Crowd-sourced maps help disaster management

Crowd-sourced maps help disaster management
Open Street Map is a crowd-sourced, free, online map of the
world inspired by Wikipedia. Search and rescue teams used it
during the 2010 earthquake in Haiti. Over a million people are
now contributing to it and it has potential to grow. A free online
map of the world created by users is helping developing nations
become more resilient to disasters, the Open Source Convention
in Portland, United States, heard on 22-26 July).
Inspired by the crowd-sourcing success of Wikipedia in the 2010
earthquake in Haiti, Open Street Map (OSM) set up in 2004 in
response to the limited online map data for many parts of the
world has over a million people are now signed up and contributing to OSM’s world map. “The earthquake
happened and the OSM community started spontaneously mapping. And soon it became the most accurate
road map of the capital, Port-au-Prince.” Search and rescue teams, as well as the UN and World Bank used
the maps, which included locations of people displaced, health facilities, and basic infrastructure was used.
Users can trace new routes for the map, using portable GPS (Global Positioning System) devices that can
upload the data to OSM. More recently, users have been doing mapping work from their homes by looking at
satellite imagery of particular areas to use as a template for updating the routes in OSM from their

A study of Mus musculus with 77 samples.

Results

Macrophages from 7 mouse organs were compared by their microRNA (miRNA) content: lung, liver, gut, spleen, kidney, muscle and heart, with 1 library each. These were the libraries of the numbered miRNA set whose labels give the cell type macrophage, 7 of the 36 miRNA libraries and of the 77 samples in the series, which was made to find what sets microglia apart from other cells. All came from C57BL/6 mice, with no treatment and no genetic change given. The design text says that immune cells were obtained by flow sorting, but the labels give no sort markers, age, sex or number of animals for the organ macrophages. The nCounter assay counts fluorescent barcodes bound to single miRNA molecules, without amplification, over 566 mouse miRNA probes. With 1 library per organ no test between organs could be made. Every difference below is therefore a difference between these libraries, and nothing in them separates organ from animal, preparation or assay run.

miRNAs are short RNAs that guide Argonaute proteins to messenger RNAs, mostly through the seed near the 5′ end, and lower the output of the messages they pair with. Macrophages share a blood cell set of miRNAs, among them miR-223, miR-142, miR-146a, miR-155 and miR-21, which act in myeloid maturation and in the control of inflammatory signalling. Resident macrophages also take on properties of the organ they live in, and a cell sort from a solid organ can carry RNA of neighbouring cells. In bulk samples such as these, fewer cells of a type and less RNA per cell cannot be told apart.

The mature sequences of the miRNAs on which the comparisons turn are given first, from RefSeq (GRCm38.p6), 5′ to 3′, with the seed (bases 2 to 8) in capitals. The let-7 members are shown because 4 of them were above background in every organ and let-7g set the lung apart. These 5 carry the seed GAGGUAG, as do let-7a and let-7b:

Kate Chapman, director of the Humanitarian OpenStreetMap Team, an initiative that applies the principles of
open source to humanitarian response and economic development, told the convention that her
organization’s work using OSM had helped Indonesians prepare for the floods that hit Jakarta earlier this
year by pinpointing the location of floods and information centres. “The one thing you know about Jakarta, is
it’s full of people,” she said. “The other thing it has a lot of is flooding… We brought urban village leaders
together with university students, and sat down with them and asked them ‘where is the important
infrastructure in your village?’ And we started mapping.”
Harry Wood, from the Open Street Map Foundation, a not-for-profit organisation that supports the OSM
project, says OSM is a useful tool for aid agencies during disasters, for a number of reasons. “They can go to
OSM as an easy-to-access data source, which can be updated minute by minute”, “It’s high-level detail,
capturing road networks in particular, so it gets used as a base map by these organisations. They then lay
markers on top of OSM for temporary situational updates, for example if there’s a relief centre which has
been set up, or death toll statistics for the area.” More recently, OSM mappers have been responding to
June’s floods in Uttarakhand, northern India, where 5,700 people presumed dead. Many are working
remotely using satellite data to update OSM on roads and villages in those areas, which can show whether
they are still accessible for trucks delivering aid. However, Chapman says OSM needs to become more userfriendly
to fulfill its potential. “It started out being very technical, so you had to really want to get involved”.
There are also language barriers in the documentation and software. However, the situation is improving,
and over time it will be possible for more and more people to get involved.” Link to Open Street Map.